Giorgos Seferis

Monday, June 21, 2010

One of the things I love most about Gmail is that it comes with this launchpad type homepage thing called iGoogle. On iGoogle you can customize your gadgets to see what you're interested in before you get to checking your emails. On mine, I have areas dedicated to the weather, previews of my inbox, a calendar, these really cooky googly eyes that follow your cursor around the page and, of course, I have various poetry and literary-related things.
Today, underneath my Daily Literary Quote section is this quote from Giorgos Seferis:
Don't ask who's influenced me. A lion is made of the lambs he's digested and I've been reading all my life.
Pretty powerful, if not a bit odd and a tad bit graphic, no?
The beautiful thing about this quote (other than the fact that every avid reader and writer is probably nodding their heads after having read it {and after having scribbled the quote down on a Post-It Note}) is that it is a perfect reflection of the best components of a Seferis poem.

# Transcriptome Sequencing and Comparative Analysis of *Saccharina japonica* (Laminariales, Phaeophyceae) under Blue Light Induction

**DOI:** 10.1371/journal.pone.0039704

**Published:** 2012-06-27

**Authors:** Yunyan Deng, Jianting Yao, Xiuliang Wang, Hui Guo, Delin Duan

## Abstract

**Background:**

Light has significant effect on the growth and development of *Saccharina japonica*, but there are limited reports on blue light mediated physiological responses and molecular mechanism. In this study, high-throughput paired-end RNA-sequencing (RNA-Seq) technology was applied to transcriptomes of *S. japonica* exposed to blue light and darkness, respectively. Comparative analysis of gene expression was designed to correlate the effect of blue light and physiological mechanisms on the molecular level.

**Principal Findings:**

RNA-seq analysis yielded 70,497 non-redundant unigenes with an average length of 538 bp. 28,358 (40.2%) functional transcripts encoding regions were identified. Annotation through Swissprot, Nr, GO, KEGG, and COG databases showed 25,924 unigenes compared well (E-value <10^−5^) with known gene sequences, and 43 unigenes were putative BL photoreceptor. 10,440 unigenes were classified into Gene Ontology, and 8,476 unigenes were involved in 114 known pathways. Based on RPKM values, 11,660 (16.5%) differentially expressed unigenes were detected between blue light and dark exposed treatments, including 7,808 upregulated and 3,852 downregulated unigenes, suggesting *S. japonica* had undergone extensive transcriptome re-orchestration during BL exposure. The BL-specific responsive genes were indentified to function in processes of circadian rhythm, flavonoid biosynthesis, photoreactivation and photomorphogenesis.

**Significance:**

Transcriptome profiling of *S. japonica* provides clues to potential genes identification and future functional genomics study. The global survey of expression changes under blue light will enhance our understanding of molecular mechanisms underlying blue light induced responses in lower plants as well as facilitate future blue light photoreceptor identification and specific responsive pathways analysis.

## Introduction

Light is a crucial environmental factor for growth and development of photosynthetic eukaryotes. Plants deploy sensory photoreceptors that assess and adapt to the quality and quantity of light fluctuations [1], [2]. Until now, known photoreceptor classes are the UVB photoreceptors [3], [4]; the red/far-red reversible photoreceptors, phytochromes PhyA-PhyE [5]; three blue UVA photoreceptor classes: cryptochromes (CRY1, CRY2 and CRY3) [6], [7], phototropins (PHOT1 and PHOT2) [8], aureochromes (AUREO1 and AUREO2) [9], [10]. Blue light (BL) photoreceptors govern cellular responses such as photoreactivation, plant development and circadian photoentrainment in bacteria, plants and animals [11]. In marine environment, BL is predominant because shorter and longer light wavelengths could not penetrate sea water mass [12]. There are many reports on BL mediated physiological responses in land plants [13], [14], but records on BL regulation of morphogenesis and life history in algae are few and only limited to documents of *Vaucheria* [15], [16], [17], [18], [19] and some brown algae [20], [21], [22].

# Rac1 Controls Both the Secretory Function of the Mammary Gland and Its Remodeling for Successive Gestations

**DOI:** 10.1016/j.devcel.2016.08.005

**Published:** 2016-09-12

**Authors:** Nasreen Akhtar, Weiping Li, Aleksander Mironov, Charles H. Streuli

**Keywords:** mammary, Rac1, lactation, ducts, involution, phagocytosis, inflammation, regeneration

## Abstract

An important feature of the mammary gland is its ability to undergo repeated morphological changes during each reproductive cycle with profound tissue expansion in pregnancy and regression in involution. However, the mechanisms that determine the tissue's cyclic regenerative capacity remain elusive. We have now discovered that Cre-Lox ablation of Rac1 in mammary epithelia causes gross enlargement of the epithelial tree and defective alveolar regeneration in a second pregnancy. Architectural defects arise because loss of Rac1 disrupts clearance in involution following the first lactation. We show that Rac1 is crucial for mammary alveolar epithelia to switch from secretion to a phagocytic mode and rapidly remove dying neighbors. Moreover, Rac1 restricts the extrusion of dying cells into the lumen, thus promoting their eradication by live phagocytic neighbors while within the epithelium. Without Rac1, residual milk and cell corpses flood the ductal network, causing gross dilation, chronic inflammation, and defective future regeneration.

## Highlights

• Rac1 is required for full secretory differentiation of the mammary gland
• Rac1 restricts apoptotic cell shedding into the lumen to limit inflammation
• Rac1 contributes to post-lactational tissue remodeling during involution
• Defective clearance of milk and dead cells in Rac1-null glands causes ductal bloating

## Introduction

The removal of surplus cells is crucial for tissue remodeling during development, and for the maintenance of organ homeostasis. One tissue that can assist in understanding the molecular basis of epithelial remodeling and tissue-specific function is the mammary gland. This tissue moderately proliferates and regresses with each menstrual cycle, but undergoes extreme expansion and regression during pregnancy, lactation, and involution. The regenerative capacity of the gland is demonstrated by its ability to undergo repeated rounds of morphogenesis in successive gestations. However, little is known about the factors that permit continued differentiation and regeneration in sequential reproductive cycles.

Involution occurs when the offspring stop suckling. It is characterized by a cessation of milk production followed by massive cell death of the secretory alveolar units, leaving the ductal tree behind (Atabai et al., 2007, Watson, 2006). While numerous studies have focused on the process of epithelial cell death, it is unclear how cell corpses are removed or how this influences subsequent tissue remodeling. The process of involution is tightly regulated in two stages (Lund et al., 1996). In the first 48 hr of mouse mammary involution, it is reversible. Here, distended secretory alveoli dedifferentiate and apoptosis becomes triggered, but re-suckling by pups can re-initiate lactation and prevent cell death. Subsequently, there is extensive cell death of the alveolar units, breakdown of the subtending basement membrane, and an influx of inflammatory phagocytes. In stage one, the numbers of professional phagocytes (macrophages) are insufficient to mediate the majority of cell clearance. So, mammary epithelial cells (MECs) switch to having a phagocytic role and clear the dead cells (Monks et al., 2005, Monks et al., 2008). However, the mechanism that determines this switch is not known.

I'll admit, until today, I had never heard of Seferis. A quick Google search, however, and I'm hooked on his lyricism. Writing in the latter part of the 1900s, Seferis embraces lyricism similar to Hughes. Except, I believe Seferis is more of a lyricist than Hughes ever was. The similarity is that they both embrace this delicate and beautiful method and marry it with the dirty, grit of life, of culture. (Think: Hughes' "Thistles".)

Another thing that links Hughes and Seferis is that both of them write about nature in powerful, almost terrifying ways. Although for Hughes, nature refers to the actual environment, the tangible, audible gutsy nature ... Kathleen Jamie's nature. With Seferis, nature is the nature of being. It is rooted in the Hellenic in this sense, embracing who we are, how we are, writing of it and not much else. In this sense, Seferis does for being and existence what Rilke does with ripening and developing.

This wasn't meant to be a lecture on Seferis, and I'm embarrassed to have gotten so carried away, having only sat with his work for less than three hours. Nonetheless, here is my favorite Seferis poem so far, "Lost Worlds".

Lost Worlds --Giorgos Seferis

How can you gather together
the thousand fragments
of each person?
What's wrong with the rudder?
The boat inscribes circles
and there's not a single gull.
The world sinks:
hang on, it'll leave you
alone in the sun.
You write:
the ink grew less,
the sun increases.
The body that hoped to flower like a branch,
to bear fruit, to become like a flute in the frost --
imagination has thrust it into a noisy beehive
so that musical time can come and torture it.